Vanishing New York

Last week was a sad one for many NYers, myself included. Some of New York’s most famous stores and venues were shuttered, or announced that they are about to close up shop.

In this ever-evolving city, the retail and housing landscapes have changed dramatically. The running joke when anything closes prompts the question: Luxury condos?

Music venue Roseland where I saw Prince, David Bowie and Parliament, famed art supply store Pearl Paint, specialty bookseller Rizzoli, and music and electronics store J&R now join the departed CBGB, Time Café, Amato Opera, Coliseum Books and the Empire Diner, to name but a few.


Roseland Ballroom

The longtime dance and concert venue in the theater district hosted Lady Gaga as its final act. From oldies dance parties to mega-concerts, Roseland leaves a long history, and a hole in the world of NY nightlife.

“The owners of Roseland have not confirmed what will happen to the venue, but many have speculated that it could be torn down to make room for luxury housing.”

Pearl Paint

If you couldn’t find the art supply needed at Pearl Paint, it didn’t exist. Nearly every fine and graphic artist living in New York CIty visited this mecca often. With six floors of almost every supply in existence, Pearl Paint was an institution. The company began shuttering stores in 2010, but the Canal Street location seemed immortal. This long-time, downtown icon is for sale, lease or teardown.

“Everything’s turning into a bank or a Duane Reade or a high-rise glassy condo.”

Rizzoli Bookstore

While it’s non-landmarked (the Landmarks Preservation Commission stated that there wasn’t enough of the historic interior intact to classify as a landmark), but beloved edifice on 57 Street is closing, Rizzoli claims to simply be relocating. But the store’s interior was part of the Rizzoli experience. The famed bookseller boasted an old-fashioned grandness with its elaborate ceiling and its balcony with iron railings that looked down on the ground floor – not to mention the gorgeous publications from Rizzoli’s own imprint. Fortunately, my book collection has a few of those.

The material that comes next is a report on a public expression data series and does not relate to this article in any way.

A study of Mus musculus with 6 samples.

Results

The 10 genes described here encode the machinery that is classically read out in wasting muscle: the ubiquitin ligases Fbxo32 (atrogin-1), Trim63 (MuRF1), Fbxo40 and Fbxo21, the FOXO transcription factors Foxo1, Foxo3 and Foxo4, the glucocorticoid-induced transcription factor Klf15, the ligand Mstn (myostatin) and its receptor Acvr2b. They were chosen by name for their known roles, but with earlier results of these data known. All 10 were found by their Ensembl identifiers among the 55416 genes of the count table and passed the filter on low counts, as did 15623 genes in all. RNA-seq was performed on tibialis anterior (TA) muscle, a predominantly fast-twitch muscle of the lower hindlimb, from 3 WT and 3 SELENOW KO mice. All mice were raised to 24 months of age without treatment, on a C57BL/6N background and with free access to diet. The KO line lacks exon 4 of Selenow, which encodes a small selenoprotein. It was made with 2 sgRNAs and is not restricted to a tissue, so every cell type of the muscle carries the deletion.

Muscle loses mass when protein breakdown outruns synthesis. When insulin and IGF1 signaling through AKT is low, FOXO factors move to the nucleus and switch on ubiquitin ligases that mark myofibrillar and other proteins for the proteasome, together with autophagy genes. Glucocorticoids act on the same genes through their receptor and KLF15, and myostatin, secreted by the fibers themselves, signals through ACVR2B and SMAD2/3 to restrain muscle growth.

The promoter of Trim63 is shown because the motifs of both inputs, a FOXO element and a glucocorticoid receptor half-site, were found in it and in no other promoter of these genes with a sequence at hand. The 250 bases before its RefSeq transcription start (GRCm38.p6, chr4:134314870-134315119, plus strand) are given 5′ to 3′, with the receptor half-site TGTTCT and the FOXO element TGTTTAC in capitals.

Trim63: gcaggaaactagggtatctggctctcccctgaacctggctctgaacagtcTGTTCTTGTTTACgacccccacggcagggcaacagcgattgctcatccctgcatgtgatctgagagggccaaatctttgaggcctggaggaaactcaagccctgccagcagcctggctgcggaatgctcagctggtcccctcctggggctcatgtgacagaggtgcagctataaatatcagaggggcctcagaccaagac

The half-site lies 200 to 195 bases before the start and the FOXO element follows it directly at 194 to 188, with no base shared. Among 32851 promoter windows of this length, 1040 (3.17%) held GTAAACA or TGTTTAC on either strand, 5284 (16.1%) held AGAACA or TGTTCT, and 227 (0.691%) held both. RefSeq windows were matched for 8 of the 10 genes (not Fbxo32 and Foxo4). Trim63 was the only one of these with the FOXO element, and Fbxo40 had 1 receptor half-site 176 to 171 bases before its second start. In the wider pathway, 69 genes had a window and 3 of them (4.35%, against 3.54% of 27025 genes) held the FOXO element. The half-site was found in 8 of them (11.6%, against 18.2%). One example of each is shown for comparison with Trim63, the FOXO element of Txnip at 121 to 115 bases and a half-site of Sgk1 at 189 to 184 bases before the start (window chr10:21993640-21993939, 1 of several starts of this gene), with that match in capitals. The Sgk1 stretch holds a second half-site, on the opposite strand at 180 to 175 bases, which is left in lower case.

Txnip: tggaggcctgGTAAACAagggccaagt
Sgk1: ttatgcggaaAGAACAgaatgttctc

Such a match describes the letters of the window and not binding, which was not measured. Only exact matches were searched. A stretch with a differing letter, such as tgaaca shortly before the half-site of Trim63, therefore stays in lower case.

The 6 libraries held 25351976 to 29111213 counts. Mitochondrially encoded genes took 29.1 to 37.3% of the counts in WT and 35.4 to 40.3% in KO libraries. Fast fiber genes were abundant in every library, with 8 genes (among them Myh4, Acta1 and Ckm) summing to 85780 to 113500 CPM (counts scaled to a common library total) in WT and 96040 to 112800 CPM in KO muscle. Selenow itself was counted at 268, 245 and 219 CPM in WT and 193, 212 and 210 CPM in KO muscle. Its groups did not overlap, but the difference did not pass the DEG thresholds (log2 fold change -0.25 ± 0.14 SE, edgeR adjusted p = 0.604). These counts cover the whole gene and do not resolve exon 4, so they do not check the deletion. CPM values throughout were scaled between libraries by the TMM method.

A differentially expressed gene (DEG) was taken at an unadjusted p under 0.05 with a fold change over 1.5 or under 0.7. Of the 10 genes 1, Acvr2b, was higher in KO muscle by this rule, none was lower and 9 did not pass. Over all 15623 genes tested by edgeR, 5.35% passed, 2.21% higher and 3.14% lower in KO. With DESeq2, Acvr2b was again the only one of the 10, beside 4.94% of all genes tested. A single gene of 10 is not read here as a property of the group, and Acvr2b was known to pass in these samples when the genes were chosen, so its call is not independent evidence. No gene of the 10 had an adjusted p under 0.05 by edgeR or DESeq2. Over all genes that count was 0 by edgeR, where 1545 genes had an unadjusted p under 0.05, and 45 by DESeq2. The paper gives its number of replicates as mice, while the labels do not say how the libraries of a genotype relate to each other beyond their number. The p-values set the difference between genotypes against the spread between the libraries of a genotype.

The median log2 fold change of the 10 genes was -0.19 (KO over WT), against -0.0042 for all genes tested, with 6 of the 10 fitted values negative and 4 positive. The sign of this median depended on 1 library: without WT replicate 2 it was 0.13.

“The current building is not landmarked, and developing duo LeFrak and Vornado Realty Trust plan to raze the building, and its neighbors, to construct a high-rise condo.”

J&R Music and Computer World

Down on Park Row, by the Brooklyn Bridge, this giant electronics store abruptly closed its doors last week after more than 40 years of selling computers, TVs, DVDs, cameras and vinyl records at a continuous group of four storefronts. For J&R, its days as a brick-and-mortar version are no more, but the online retailer will live on.

“Everything is on the table right now,” the source said, noting that the Friedmans retain valuable air rights for potential high-rise developments.”


Located at historic Flatbush and DeKalb Avenues in Brooklyn, Junior’s is home to the best cheesecake in New York, or at least the most famous. And the original Junior’s Restaurant has been a Brooklyn staple for overstuffed food, fun, service, and, of course, the best cheesecake for decades. While Junior’s is shuttering temporarily – waiting to resituate itself on the ground floor site of the luxury building claiming its footprint – will it have the same vibe, the same prices?

“…news spread that Junior’s is planning to sell its building to a developer who will most likely transform the two-story restaurant into a luxury apartment tower…”

So what places does that leave New Yorkers? A multitude of Duane Reade stores so close in location that you can stretch out your arms and touch the next one. If it’s not a Duane Reade, then, it’s a CVS or Walgreen’s. Most open 24/7 – the benefit being able to pick up shampoo at 3am. TD Banks are situated on every other corner. And in between drug stores and banks, there’s a plethora of high-rise luxury condos.

I’m all for evolving cities, but at what cost to culture?

Images: Flickr / Roseland by Americasroof under CC license CC-BY-SA-2.5; Rizzoli interior by Driely S. for Racked; Flickr / Pearl Paint by Eden, Janine and Jim under CC license, CC BY 2.0; © J&R; © Junior’s.

One Response to “Vanishing New York”

  1. Elaina NYC Says:

    Here’s another for your list: Bowlmor Lanes. Excerpt from

    “New owners bought the property in 2012 for conversion into into luxury condos, and construction is set to begin immediately. While residents and nearby business owners seem ambivalent to dismissive about the toursity, neon amusement Bowlmor marketed for high prices, many are miffed at the future construction plans.”